Email List Hygiene

How to Explain Email Sunsetting to Your Boss


First of all, there is no prescriptive time period for which you need to consider an address inactive, but be aware mailbox providers are watching engagement, too. While you might consider two years of inactivity acceptable, Gmail might not, so keep this in mind when determining when you start culling old addresses. If you email addresses a mailbox provider considers unengaged, they’re more likely to deliver your email to the spam folder. This won’t be reflected in a delivery rate, so this is a great time to use advanced metrics provided by a tool like Everest to ensure your email is performing the way you believe.

Traditionally, best practice was to suppress sends to subscribers without engagement for a year, but looking at some of our data, one year is probably too long for most senders, as most conversions happen in the 30-day engaged segment of customers.

Knowing this, here is our best recommendation to make a case for your boss: Gather the necessary data to convince them some addresses simply need to go.

To do this, spend time dividing up your lists based on engagement bands:

  • 30-day engaged
  • 31- to 60-day engaged
  • 61- to 90-day engaged

And so on in 30-day bands, until you get to anything longer than one-year, as those can be lumped into one segment.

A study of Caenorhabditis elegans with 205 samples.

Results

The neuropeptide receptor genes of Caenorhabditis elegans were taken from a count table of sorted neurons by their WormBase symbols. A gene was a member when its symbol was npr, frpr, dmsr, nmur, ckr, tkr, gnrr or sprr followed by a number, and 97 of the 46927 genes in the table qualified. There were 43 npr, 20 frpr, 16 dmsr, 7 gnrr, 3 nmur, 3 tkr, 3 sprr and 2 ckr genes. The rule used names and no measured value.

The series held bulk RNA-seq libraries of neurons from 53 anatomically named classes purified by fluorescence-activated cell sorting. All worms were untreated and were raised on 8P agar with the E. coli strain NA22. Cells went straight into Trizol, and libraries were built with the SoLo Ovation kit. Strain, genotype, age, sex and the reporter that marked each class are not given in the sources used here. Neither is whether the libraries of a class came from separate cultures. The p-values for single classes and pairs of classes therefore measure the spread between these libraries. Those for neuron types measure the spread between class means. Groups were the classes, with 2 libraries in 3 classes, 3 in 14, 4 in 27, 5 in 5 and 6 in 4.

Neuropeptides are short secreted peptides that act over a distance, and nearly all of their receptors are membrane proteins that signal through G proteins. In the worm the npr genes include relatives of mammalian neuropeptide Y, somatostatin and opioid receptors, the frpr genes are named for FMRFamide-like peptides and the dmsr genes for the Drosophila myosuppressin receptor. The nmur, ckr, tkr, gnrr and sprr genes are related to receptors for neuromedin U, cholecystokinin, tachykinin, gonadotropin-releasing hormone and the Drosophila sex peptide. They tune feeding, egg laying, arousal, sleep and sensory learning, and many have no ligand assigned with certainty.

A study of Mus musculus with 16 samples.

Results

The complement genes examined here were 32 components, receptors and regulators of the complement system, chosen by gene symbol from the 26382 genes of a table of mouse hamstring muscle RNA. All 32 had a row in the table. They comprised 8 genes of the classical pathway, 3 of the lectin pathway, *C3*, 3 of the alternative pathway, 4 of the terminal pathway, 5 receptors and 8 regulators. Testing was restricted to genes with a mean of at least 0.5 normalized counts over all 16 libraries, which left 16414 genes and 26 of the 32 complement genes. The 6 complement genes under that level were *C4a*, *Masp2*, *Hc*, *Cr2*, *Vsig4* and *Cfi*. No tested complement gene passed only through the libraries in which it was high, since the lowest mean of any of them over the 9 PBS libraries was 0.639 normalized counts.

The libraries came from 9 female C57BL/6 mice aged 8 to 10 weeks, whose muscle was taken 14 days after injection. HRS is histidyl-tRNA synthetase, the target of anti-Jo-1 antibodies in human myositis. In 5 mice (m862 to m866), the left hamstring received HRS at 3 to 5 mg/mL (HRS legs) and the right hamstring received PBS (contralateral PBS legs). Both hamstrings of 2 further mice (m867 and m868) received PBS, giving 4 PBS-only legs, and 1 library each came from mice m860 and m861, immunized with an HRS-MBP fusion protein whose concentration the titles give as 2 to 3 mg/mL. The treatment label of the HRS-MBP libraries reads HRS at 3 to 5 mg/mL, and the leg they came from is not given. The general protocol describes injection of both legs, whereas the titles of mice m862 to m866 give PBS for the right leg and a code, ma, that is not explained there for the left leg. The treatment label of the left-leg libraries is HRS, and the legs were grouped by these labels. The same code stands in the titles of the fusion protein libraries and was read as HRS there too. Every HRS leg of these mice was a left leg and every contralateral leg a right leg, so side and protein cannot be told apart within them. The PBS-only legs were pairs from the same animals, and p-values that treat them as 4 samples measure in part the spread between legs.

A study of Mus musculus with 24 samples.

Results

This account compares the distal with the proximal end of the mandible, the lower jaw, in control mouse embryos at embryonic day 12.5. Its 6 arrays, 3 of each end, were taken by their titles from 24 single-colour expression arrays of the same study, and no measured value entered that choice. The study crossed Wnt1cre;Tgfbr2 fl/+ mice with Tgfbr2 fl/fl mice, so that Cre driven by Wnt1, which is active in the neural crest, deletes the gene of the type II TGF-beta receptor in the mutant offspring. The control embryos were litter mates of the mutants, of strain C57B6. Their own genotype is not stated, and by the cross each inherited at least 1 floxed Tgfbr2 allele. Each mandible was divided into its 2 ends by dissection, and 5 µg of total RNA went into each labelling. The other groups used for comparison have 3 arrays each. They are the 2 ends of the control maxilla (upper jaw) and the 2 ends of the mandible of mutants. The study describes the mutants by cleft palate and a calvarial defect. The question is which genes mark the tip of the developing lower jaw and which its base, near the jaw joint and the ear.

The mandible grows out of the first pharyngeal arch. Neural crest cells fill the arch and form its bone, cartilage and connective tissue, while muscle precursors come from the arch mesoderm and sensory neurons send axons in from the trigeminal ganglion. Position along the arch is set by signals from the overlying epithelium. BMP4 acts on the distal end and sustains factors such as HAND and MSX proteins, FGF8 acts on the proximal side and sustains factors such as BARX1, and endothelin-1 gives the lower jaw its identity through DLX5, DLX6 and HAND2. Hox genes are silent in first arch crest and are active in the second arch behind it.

Armed with this data, you can show your boss how much revenue potential there is for recent segments and how relatively little revenue potential there is for segments holding sizeable amounts of unengaged contacts. For any segment where you are seeing single-digit open rates, you have a significant indicator your mail is landing in spam. Once mail starts landing in the spam folder, it is increasingly likely the volume delivered to spam will grow over time. This can deeply damage your email sender reputation, both landing in the spam folder and emailing people who make it clear they don’t want your mail by ignoring it, and your email performance will reflect it.

If you absolutely must contact every email in the list, remember you can vary the frequency of outreach based on the user’s engagement. Some subscribers may be amenable to outreach every single day, while others it is better to reach out to on a weekly or monthly cadence.

But the fact remains, you shouldn’t be emailing unengaged recipients because any unwanted mail is considered spam. Using data from the bands outlined above, you can make a compelling argument to the decisionmakers in your organization to help you build, rather than erode, your sender reputation.